Thursday, January 29, 2009

Commutation

People are afraid to merge...
--Less Than Zero, Bret Easton Ellis

There is not room enough. Not for everyone. The passage is insufficient for the mass of humanity bearing down upon it. Audacity and nerve will determine who passes ahead and who languishes behind; an instant hierarchy of the quick and the rude. Deference risks humiliation. Small gestures of civility punctuate the tedium of cautious distrust, hopelessly, heroically outnumbered like the last dwindling acts of defiance thinning away in the ascent of a new tyranny. This is a chaotic system of jangled nerves and bruised pride, man and machinery, forming and dissolving for a time here at this narrow pass. My commute begins in earnest. I enter the scrum. Time to merge.

Everyone is converging on the bottleneck, all manner of automobile, reflecting distorted fun house mirror images of each other on their shiny hard-beetle shells. Their headlamps sweep the dim before them like insect feelers. Out ahead the freeway is split into two neon rivers of white and red, streams of molten light. My head hurts.

The cars declare status and defiance. Contradictory ethos and aesthetics vie for supremacy; there goes one trumpeting his moral superiority and a higher social awareness; this one declares his ironic detachment; an insurance salesman/outdoorsman slides jauntily alongside; a celebration of pure aggression howls along on oversized tires; over there an affected bohemian cuts off a conspicuous rebel. Each is off to toil in a cubicle. Here and there are the gaudy candy-chrome rolling stock of an entire generational demographic's bad taste, celebrating the dull greed they cannot know for their immersion in it. I love them all; I would be lost without them. Some bear slogans; the embarrassing, gauche inelegance of the literal-minded and too familiar. One squeezes in front of me rudely. What Would Jesus Do? He asks. Well, he wouldn't have cut me off, I'm sure. Above it all are those with the smug certainty of instantly discernible superior dollar value; greater wealth demonstrated, higher status accrued, evolutionary primacy earned. Game, set, match.

Cars buck nose-down as they brake suddenly, rear up again in acceleration, baring their prowess. Some speed up to screen out others who pull alongside, an impromptu game of chicken for the receding gap; everyone is jealously defending his rolling realm of personal space. Leaving room for another to pass finds one soon overwhelmed with interlopers crowding into the open space. There is an unspoken system of rules that we're all compelled to test endlessly. Still, somehow, the horn's blare is only resorted to as the last break with civility and order. An impotent insult and pathetic lament. This gives me hope. The brake lights, flaring irregularly and collecting in masses, tap out our frustration like some sort of Morse code.

Within the comfortable cells of the cars are people, immobilized in their mobility. Within the people are dwindling stores of calm, alkaline slowly being consumed by the crackling acid of frustration and resignation; an energy producing chemical reaction gradually rendering them inert. Radio waves are beamed into these darkened compartments; the shrill and braying tones of affected cynicism, emitted by the most desperate and craven examples yet of humanity's endless permutations--drive-time disc jockeys.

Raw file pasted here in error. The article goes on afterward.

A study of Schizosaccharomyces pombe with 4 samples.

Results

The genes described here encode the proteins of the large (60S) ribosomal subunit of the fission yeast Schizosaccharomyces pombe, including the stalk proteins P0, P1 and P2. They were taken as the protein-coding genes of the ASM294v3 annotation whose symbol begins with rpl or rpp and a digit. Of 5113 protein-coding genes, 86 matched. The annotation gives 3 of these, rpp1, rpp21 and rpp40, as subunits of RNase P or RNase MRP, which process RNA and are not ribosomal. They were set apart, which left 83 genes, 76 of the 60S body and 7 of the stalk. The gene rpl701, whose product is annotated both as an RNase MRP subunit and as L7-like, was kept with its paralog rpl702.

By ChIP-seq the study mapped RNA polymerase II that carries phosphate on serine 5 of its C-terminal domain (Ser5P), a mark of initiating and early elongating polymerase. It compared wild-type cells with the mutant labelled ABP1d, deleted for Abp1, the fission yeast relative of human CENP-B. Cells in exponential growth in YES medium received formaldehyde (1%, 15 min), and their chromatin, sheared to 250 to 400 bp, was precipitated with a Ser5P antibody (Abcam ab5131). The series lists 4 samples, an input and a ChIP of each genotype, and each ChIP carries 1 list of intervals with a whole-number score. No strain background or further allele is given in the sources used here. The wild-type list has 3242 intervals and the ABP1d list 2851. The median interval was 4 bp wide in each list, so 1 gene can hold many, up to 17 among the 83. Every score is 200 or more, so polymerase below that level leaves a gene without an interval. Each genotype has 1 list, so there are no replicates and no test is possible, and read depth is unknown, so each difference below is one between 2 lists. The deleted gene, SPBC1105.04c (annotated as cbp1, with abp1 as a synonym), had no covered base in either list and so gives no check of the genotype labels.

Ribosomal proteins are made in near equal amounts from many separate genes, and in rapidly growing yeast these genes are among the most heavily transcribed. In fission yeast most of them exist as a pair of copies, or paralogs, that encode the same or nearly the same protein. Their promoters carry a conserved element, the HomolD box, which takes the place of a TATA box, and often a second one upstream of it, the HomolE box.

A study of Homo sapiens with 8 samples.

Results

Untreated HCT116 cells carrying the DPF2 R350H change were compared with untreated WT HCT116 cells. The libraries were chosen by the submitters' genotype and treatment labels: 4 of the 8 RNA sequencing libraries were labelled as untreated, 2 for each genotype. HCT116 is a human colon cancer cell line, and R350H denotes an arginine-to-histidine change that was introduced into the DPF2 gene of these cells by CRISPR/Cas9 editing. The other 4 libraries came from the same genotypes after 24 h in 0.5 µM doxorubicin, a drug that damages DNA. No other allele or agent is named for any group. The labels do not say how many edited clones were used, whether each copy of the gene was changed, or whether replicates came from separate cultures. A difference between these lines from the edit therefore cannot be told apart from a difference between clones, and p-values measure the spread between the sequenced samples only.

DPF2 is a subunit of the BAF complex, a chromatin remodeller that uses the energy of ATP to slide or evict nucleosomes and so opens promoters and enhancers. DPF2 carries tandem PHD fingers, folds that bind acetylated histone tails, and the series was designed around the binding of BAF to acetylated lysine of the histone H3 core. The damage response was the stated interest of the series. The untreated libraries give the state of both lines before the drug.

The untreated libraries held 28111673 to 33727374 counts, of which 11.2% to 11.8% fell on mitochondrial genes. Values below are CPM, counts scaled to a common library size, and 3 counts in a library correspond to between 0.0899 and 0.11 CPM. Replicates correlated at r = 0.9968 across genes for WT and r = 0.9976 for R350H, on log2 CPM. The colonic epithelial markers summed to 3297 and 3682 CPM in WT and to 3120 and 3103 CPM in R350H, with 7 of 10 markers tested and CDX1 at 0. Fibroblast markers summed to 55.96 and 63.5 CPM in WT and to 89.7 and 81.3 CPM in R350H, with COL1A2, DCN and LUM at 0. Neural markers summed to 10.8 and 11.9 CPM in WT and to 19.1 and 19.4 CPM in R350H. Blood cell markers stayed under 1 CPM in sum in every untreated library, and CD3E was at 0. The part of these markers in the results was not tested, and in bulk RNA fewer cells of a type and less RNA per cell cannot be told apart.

But I am not there yet. Should I rise on time for once? Must I lay here, waiting for the last-chance urgency of no more time to finally compel me to movement? What, after all, is appealing about the ten minutes of first-waking dread spent staring at the mystery spot on the ceiling? How I love my cell! How I love the walls that keep me in and keep you out! Ten minutes sooner, ten minutes of gumption and resolve, a mere ten minutes, and I can pass ahead of the critical mass that turns a routine merge into a predawn bloodsport of mangled vanity. It must be that I love the ten minutes of self-pity, of immobility, the futile attempt to will away reality. As for that spot, I swear it's moved, just barely, since yesterday; what if it's shifting, imperceptibly, like one of those boulders that creep across the plain, leaving a slug-trail behind? Does it matter? Close the eyes and open them repeatedly, vainly trying to prompt a new reality. Let's try that. Russian roulette for a suspect consciousness.

Or just go back to sleep. And dream again.

...

1 comment:

Anonymous said...

Traffic is a microcosim of society. We are seemingly insulated in our shiney metal boxes. We become our souls.

Ever drive in say, Mexico, or Brazil? Every man for himself. Rules are for rubes and losers. It's not just retrograde societies, try Boston, or NYC, or New Jersey. Every man for himself.

I'm not as literary as yourself to express it as entertainingly, but I can read the writing on the wall.

Remember the National Lampoon "European Vacation" movie? While in England, the Chevy Chase charachter slams into a bicycalist played by a famous Monty Python cast member.

He peels himself off of the pavement and his mangled bicycle, bleeding and physicaly distressed to assure Chevy "No bother, no harm done! Sorry to get in your way!"

The West meets the East. Sure, the West, in the past, met this "all about me" attitude with disdain and brutal suppression. We had our past, too, and could draw upon it when needed to. But, once beyond this, we tried to introduce civility.

It seems the barbarians have won. If you are civil, forthright, and considerate, you are a fool.